Obamacare not as bad as Republicans suggest

Rick Hanton

A few days ago, there was an article in the Daily about Congressmen Steve King, R-Iowa, and Mike Pence, R-Ind., who were at a recent Republican fundraiser, giving their negative opinions of various Democrats. They also made some notable remarks about their wishes to remove the recently passed Affordable Care Act — also known in some circles as “Obamacare” — from law as soon as possible.

After personally spending a lot of free time for a few days last spring pouring over decades of federal budget data, I have to say that King’s ambition to destroy “Obamacare” is dangerous for all of us, particularly anyone you know using Medicare. The Affordable Care Act passed by Congress, while imperfect — no thanks to the Republicans in Congress — is a step in the right direction for the federal government’s health care expenses.

Looking at the Government Printing Office’s spreadsheets of historical federal budget data, in my case due to curiosity about science funding, I saw the budget expanding over time in inflation-adjusted dollars and at the same time forcing smaller agencies of the government to make do with less. My first suspect for the cause behind this “ballooning” of the federal budget was the military, which consumes about half of the government’s budget each year.

But, over time, the military budget has been held roughly constant when adjusted for inflation since the end of the Cold War — whether it should have started shrinking at that time is an issue for another time. I was then forced to take a second, closer look to find out what costs were straining the government’s budget.

Surprisingly, the U.S. Department of Health and Human Services, the agency charged with running Medicare for many of our fellow citizens, has seen costs explode in recent decades. If you look at the spreadsheets, while Health and Human Services consumed only 3.3 percent of the federal budget before Medicare was signed into law in 1965, by 1988 it had quadrupled as a portion of the federal budget, consuming 13.2 percent. Today the same department uses approximately 24 percent of the total federal budget to pay for health care for citizens over age 65 and disabled individuals.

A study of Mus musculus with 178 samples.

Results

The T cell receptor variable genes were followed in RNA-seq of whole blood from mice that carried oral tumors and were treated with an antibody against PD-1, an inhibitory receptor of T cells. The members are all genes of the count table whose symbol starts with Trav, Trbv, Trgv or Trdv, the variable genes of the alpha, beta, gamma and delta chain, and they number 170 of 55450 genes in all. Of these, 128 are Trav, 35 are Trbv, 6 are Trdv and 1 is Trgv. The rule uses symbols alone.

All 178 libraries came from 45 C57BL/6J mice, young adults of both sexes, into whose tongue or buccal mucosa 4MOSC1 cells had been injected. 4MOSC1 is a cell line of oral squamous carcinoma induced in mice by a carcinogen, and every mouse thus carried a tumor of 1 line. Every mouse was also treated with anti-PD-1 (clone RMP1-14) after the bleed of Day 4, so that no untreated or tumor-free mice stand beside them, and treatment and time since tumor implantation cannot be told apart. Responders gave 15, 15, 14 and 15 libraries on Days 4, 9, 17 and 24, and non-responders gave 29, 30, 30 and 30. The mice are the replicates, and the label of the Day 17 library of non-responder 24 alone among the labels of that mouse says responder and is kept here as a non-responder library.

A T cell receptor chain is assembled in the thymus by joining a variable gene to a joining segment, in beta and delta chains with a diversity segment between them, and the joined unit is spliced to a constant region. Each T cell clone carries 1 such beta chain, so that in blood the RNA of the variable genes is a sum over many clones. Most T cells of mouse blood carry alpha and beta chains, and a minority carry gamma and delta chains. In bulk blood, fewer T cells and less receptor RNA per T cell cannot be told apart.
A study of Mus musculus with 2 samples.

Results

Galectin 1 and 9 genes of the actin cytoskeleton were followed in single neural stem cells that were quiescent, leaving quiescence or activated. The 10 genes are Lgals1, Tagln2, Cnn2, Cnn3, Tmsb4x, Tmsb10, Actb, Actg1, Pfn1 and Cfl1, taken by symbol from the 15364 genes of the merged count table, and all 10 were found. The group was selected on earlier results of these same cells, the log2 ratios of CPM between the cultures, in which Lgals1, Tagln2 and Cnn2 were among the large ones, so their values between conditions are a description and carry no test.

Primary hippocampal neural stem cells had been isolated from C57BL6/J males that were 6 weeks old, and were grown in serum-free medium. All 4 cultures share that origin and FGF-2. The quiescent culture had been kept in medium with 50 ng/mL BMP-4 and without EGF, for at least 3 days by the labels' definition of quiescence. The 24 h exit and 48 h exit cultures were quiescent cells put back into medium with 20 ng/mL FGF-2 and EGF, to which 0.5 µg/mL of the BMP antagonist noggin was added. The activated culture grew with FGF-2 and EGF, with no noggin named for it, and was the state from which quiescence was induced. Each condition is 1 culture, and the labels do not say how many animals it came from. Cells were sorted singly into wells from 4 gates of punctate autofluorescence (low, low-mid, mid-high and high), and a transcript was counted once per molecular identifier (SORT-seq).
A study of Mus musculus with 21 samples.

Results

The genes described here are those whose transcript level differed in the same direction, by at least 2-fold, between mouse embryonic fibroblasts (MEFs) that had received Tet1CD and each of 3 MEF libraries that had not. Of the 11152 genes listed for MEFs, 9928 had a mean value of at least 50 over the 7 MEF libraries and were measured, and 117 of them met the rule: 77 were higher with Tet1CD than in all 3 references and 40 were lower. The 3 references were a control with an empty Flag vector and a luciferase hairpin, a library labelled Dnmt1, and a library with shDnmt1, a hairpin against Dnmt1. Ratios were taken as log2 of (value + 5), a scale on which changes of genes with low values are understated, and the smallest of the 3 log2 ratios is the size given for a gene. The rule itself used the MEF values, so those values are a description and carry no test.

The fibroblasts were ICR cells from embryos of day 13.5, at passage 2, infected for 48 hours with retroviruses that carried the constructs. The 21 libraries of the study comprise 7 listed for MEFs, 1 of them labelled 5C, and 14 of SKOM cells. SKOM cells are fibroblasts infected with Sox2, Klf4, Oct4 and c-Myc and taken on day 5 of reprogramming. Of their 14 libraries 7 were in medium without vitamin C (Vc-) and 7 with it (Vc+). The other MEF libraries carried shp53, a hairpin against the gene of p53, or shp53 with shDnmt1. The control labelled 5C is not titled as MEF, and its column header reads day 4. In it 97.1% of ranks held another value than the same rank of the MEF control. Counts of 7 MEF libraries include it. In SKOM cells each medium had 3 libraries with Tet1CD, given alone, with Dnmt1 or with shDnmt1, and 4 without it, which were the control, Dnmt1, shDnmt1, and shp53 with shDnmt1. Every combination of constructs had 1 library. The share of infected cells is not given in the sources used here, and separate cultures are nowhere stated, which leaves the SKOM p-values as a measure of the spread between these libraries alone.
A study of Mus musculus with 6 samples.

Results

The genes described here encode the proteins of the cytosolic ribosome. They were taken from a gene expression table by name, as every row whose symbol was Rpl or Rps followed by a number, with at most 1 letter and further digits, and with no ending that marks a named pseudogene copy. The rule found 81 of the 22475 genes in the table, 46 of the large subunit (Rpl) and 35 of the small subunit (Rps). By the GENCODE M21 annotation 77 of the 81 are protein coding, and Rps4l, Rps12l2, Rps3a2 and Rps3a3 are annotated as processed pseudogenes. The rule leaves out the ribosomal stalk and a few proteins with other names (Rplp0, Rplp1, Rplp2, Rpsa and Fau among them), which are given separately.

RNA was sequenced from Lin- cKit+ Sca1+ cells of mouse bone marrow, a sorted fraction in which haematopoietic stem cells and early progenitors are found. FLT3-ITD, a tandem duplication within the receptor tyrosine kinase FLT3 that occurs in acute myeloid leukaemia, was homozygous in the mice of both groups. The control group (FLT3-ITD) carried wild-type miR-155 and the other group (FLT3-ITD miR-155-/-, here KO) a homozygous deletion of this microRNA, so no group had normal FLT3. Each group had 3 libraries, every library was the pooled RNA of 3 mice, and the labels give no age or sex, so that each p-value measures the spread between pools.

The Affordable Care Act may have been implemented just in time to help save Medicare, which a few years ago started breaking the piggy bank, costing more than it brings in via taxes in any given year. The whole idea of the Affordable Care Act was to try to take some control of health care costs while still giving Americans more flexibility than other government health care systems around the world.

The exponentially increasing costs of medical care need to be brought under control. These costs have been increasing vastly over time, far outpacing the growth due to the aging senior population in the United States. Much of this growth has happened due to increasing use of the few doctors we — as a nation — have and those doctors’ use of more and more expensive medical technology.

Sure citizens’ — or at least their insurers’ — willingness to spend massive amounts on health care has fueled amazing technological growth in medical technology in the world, but at what cost?

Bill Clinton tried to address this growing problem back in 1993 but was voted down by Congress. In eight years, George Bush seemingly did nothing to address the Medicare problem other than signing a bill that added coverage to Medicare for prescription drug benefits for seniors but specifically prohibited the government from negotiating lower drug prices from manufacturers.

We should at least praise Barack Obama and the Democrats for driving legislation through Congress that addresses the issue of skyrocketing medical care costs and may help save Medicare. He accomplished what the others before him could not, and may have done so in the nick of time.

Unless Republicans have their own plan to fix Medicare and general health care costs that would be able to replace the Affordable Care Act, they shouldn’t be allowed to tear it down to advance their agenda. The thought process that drove the creation of Medicare as a form of social insurance for the elderly still makes a lot of sense, and there is no way I will vote someone into Congress who seems happy to tempt fate and have the Medicare system crumble around them.

Now maybe we should seriously think about raising the age bars of programs like Social Security and Medicare above 65. Maybe we should find other ways to fix their funding issues. But what we shouldn’t do is leave these programs to collapse under their own weight, leaving seniors out in the cold in the next few years.

Come back with more solutions and less unsubstantiated criticism, congressmen; and maybe I’ll listen next time.